It's a common problem with flatscreen TVs; sometimes, you can hardly hear the dialogue in TV shows and movies. In one scene, spoken words sound so soft that you can't help but turn the volume up. Then suddenly, the next scene barges loudly into your living room, filled with explosions and gunshots, rattling your whole household with loudness only Michael Bay will appreciate.
As if a flatscreen TV's tiny speakers aren't bad enough, why is there so much variation in your TV's sound levels? And why is dialogue sometimes so hard to hear that you're forced to turn on captions each time?
Thankfully, we have a few tips for you that may just help you solve your TV's sonic deficiencies.
Tweak your TV sound settings
Before you take any drastic measures, try digging into your TV settings first.
Look for a section for audio and check for a setting called "Dynamic Range Compression" or "Dynamic Range Control." Try setting this to "High" or "Maximum." If your TV has this option, setting this to its highest level will flatten the range of volume, normalizing the loudest and the quietest sounds to a more consistent and equal level. This means the TV will lower the volume during intense action scenes (explosions, car chases) and boost it during dialogue-only portions.
Note: If you can't find this exact setting, it could be under a different label. Try looking for "Night Mode," "DRC" or "Normalization."
The current generation Apple TV also has this dynamic range compression feature built into it. It is called "Reduce loud sounds" and you can turn it on by going to your Apple TV's Settings menu, then look under "Audio and Video." While watching a video, you can turn this feature on or off by swiping down on your remote to access it via the Top Menu. Better yet, since Siri is available to serve you on the current-gen Apple TV, you can also conveniently ask the virtual assistant to "reduce loud sounds" to turn it on or "turn off reduce loud sounds" to disable it.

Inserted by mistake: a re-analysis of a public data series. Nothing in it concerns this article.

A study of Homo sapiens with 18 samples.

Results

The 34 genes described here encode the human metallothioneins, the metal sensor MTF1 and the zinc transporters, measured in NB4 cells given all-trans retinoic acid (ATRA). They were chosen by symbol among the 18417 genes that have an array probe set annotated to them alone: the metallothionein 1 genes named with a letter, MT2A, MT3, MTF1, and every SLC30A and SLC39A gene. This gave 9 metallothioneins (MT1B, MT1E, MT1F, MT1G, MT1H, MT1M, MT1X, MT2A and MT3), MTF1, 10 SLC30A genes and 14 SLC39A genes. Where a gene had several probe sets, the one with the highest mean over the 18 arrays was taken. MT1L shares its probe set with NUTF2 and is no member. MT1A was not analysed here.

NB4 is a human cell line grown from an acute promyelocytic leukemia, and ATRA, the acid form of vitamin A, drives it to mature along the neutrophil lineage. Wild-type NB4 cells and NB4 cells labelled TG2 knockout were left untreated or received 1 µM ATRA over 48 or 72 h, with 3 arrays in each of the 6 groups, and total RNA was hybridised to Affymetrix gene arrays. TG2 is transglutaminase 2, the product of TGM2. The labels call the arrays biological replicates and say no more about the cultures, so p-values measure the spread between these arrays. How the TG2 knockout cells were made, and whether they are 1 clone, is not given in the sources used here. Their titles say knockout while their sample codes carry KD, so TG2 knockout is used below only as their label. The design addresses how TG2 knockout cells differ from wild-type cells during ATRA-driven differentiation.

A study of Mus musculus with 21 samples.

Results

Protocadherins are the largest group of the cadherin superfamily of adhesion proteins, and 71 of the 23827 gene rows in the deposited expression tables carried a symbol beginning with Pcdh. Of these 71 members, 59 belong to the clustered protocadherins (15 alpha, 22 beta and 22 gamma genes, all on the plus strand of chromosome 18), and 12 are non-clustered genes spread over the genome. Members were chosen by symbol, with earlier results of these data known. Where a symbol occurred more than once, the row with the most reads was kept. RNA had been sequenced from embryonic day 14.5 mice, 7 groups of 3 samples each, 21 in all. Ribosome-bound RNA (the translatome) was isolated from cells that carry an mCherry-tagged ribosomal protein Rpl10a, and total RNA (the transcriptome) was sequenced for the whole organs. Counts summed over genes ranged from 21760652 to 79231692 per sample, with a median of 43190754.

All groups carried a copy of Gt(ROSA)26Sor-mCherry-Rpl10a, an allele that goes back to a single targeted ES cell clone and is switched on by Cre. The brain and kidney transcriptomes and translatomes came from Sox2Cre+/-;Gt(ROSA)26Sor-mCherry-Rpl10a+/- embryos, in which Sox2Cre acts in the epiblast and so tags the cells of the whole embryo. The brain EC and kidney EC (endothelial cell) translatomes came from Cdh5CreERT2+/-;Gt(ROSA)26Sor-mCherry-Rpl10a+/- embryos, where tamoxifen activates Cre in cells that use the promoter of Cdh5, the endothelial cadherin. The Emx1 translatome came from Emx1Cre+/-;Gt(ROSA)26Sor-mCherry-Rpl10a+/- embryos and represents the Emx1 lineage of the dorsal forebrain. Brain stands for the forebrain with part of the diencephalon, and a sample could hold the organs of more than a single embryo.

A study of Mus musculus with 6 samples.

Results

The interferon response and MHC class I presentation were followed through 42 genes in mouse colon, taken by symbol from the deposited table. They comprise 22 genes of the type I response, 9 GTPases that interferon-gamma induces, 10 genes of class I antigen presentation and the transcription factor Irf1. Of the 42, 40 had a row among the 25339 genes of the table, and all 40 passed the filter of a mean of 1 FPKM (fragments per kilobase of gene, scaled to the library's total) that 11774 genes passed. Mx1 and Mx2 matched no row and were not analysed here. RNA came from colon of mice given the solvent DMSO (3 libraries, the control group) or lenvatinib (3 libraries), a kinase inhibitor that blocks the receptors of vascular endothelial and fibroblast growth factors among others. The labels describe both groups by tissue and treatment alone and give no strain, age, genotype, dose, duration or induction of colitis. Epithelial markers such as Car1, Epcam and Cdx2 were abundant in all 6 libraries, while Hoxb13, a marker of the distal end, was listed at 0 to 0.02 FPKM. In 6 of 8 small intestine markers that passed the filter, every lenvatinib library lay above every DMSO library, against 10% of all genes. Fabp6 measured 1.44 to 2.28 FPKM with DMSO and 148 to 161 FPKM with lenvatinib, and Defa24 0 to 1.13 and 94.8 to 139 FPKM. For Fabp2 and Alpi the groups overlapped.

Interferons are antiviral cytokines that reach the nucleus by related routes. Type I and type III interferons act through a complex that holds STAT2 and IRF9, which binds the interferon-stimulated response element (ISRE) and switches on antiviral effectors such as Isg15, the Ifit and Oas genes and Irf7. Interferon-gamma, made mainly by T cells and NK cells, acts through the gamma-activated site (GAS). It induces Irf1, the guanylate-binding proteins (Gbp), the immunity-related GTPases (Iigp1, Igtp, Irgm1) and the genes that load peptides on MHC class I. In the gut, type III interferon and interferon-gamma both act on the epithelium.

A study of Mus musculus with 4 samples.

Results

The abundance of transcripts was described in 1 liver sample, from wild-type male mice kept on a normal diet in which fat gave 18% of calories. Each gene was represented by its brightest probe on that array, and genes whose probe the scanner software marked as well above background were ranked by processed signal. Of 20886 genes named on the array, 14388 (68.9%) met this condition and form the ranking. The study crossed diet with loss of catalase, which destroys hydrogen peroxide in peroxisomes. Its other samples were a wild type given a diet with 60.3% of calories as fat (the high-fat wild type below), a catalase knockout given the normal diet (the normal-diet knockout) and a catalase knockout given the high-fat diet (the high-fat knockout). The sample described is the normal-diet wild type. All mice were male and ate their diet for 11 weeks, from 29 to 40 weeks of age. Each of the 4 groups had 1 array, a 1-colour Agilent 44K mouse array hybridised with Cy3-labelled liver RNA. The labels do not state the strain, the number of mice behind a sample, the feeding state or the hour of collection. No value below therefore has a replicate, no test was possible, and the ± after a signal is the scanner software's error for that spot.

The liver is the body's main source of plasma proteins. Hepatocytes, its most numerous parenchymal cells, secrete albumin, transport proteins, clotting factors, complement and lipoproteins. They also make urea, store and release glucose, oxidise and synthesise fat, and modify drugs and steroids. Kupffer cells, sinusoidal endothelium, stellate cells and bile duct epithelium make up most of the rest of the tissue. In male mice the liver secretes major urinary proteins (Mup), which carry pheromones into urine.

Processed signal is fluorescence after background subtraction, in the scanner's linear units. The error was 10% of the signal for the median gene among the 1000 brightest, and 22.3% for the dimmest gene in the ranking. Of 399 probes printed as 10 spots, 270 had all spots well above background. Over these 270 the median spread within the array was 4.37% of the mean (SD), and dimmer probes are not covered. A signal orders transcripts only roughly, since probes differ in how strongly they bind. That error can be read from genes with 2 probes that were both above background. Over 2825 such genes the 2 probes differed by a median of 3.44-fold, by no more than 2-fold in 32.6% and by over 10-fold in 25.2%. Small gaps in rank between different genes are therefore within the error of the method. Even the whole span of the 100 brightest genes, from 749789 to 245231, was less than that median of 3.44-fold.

Check if your TV has different sound modes for specific content such as Movie, Sports, News or Music. To boost dialogue volume, try selecting speech-enhancing modes like News, Clear Voice or a setting along those lines. While you're at it, turn off special "enhancements" like Dolby surround, virtual surround or 360 sound and see if that puts the dialogue further up front rather than the sound effects.
Another setting you can tweak is your TV's sound equalization or EQ levels. Most TVs, at the very least, have bass and treble controls you can adjust. If you find your TV dialogue to be a tad muffled, set the bass level to a lower setting for a less boomy sound and bump up the treble for more clarity.
This next tip might sound old-fashioned but if you don't mind wearing headphones, this could be the most cost-effective hardware solution you're looking for.
Check if your TV has a headphone jack and try connecting a pair. Of course, if you're using wired headphones you will be limited by the length of its cord so for convenience, consider getting wireless headphones instead. Some newer TVs even have wireless Bluetooth capability. If this is the case, try pairing Bluetooth headphones you may have lying around and see if that helps your situation.
Specific wireless headphones, like the Sennheiser RS 125, are designed to alleviate hearing deficiencies and improve speech. This particular model even has noise suppression settings made for clearer dialogues.
If you mostly watch TV alone, a dedicated wireless headphone system will definitely be worth looking at.
Multi-speaker sound system or soundbar with a center channel
If tweaking the native TV sound settings still doesn't do it for you, this next tip will require external hardware.
Since the dawn of surround sound, movies are almost always mixed with a multi-channel configuration. Beyond the left and right front speakers, movies also utilize a center speaker for dialogue, a subwoofer for low-frequency sounds and multiple surround speakers for immersive sound effects.
TV sets typically come with two speakers, left and right. These speakers can only provide stereo sound with digital processing and can simulate the other speakers required for surround sound. If the TV's digital sound processing algorithm doesn't mix the multi-speaker sounds correctly (in a process called downsampling) then the center channel (the dialogue) might not be loud enough to cut through.
Getting a regular two-channel soundbar may enhance your TV sound but if the dialogue issue is due to your TV's surround sound processing then a dedicated center channel is recommended.
There are various surround sound system configurations to choose from. If space is an issue, aim for at the very least a 3.1 system (left, right and center speakers and a subwoofer). With such multi-speaker systems, you can adjust the center/dialogue channel level independently.